Do you understand the consequences of California's new smartphone anti-theft law? Our FAQ will clear up the confusion.
On Aug. 25, California Governor Jerry Brown signed Senate Bill 962, which requires "kill switches" on smartphones sold in California, starting July 1, 2015.
The bill narrowly failed a vote in the California State Senate in April because of concerns it would be bad for business. It passed when revisited in August. In an effort to avoid the imposition of a mandatory kill switch requirement, CTIA-The Wireless Association, a wireless communications trade group, proposed a voluntary agreement to include "a baseline anti-theft tool" in US smartphones that could be either pre-loaded or downloaded.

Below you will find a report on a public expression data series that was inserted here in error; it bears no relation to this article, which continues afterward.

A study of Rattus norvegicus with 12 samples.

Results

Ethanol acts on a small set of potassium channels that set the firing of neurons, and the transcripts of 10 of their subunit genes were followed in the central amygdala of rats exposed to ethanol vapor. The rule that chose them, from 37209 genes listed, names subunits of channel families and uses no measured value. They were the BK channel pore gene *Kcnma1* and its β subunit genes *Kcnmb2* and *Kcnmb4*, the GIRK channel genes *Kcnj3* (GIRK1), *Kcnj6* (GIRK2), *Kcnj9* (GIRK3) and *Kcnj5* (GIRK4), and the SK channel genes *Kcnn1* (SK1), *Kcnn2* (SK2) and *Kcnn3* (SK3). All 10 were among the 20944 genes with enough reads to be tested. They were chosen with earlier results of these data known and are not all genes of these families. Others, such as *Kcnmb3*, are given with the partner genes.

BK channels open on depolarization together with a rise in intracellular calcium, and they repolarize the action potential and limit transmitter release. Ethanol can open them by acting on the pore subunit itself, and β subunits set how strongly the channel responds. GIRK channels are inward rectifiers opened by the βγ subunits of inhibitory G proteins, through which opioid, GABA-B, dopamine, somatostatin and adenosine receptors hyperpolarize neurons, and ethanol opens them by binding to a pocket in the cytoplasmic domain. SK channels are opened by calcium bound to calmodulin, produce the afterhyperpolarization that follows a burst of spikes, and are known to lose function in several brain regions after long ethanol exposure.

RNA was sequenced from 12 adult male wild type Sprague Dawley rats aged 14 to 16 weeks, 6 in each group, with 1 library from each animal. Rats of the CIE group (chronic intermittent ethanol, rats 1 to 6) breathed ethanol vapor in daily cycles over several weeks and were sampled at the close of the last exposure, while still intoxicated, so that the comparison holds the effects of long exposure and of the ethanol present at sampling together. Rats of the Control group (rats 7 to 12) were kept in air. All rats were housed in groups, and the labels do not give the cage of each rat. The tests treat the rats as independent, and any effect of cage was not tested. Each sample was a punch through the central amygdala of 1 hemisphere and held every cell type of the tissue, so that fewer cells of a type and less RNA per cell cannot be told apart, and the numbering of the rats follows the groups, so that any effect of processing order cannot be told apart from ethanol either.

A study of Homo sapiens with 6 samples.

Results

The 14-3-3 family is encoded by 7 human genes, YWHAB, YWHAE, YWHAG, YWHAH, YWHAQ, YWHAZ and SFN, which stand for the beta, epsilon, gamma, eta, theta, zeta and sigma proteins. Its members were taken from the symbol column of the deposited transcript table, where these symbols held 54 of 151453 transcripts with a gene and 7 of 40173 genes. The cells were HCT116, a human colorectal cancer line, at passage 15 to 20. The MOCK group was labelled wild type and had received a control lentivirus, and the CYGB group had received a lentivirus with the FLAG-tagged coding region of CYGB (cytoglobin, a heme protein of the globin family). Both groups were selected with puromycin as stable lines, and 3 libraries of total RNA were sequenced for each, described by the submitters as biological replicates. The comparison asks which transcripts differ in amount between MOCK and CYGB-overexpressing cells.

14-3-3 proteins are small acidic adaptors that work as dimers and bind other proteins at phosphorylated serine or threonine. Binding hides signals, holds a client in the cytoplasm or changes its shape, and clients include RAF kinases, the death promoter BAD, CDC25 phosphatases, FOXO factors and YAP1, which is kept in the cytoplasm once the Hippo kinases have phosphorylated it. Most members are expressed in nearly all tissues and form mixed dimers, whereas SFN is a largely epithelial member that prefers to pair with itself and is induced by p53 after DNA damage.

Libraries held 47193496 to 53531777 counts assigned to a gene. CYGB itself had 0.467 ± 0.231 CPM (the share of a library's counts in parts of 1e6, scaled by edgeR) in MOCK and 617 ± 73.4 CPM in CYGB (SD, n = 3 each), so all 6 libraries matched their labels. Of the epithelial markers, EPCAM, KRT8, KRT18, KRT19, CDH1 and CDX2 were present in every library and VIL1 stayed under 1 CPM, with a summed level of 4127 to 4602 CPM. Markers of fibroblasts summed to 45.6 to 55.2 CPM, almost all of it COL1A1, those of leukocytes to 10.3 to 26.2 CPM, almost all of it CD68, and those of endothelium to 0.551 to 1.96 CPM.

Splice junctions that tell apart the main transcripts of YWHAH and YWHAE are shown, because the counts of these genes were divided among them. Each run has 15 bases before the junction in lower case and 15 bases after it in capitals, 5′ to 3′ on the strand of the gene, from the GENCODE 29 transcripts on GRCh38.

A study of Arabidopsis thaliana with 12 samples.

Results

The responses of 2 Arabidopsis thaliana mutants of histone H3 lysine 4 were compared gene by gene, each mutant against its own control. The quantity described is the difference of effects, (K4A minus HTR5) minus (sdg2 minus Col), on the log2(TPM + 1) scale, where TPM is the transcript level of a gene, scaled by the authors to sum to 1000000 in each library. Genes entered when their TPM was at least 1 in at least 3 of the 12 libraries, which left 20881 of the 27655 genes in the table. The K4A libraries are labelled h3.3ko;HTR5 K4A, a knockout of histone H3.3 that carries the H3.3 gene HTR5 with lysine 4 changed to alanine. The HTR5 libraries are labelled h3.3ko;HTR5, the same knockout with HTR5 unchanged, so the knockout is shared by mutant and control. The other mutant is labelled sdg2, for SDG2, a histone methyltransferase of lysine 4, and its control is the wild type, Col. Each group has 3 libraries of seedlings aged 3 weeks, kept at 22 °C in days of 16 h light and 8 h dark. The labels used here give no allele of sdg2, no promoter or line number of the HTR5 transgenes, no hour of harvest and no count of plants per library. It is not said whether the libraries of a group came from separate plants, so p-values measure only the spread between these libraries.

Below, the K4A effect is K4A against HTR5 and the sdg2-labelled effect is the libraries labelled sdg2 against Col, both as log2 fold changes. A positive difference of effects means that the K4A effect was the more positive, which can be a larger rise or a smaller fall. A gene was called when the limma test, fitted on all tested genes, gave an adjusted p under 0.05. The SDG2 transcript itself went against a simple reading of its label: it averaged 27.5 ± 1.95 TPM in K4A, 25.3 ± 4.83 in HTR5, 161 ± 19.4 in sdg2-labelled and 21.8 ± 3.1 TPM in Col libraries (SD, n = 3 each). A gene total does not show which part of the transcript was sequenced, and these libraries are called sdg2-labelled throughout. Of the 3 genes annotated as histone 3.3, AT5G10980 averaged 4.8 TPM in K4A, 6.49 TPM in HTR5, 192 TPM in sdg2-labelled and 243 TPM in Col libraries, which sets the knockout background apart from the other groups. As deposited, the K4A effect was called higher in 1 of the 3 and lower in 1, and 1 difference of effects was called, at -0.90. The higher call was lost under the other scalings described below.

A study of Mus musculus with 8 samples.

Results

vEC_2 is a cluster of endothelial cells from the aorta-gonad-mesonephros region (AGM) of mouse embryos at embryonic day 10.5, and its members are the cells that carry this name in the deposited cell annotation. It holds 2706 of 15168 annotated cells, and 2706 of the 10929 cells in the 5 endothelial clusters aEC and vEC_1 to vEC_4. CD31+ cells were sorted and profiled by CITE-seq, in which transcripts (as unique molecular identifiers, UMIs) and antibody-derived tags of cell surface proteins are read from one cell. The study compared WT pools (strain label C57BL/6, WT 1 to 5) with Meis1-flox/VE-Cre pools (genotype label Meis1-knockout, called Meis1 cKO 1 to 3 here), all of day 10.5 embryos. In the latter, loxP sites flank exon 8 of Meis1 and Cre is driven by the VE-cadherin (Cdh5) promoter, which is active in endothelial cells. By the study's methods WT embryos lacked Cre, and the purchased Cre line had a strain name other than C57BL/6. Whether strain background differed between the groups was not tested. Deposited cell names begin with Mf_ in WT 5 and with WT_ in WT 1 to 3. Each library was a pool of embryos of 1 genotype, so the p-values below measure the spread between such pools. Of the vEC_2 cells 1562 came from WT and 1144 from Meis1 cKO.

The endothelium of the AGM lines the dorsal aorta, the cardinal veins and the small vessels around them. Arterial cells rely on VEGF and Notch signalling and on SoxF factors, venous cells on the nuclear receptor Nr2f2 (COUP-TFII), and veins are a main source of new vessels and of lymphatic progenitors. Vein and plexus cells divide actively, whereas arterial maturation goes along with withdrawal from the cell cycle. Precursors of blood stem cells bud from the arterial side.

But New York attorney general Eric T. Schneiderman and San Francisco district attorney George Gascón urged that the kill switch be enabled by default. And that's essentially what California's law requires, unlike the smartphone anti-theft law passed in Minnesota earlier this year.
The law represent an attempt to reduce rampant smartphone theft. Approximately 30% to 40% of robberies in major US cities involve the theft of mobile communications devices, according to the San Francisco district attorney's office. In San Francisco, that figure is 65%.
A kill switch enables the phone's owner to disable the device remotely, via wireless command, so that it cannot be used. Law enforcement officials argue that widespread use of kill switches will reduce the incentive to steal smartphones.
With Apple, Google, Microsoft, Samsung, and other handset makers and mobile carriers onboard, the kill-switch train has left the station. However, there's a lot of confusion about what the kill switch actually does. Here's what you need to know.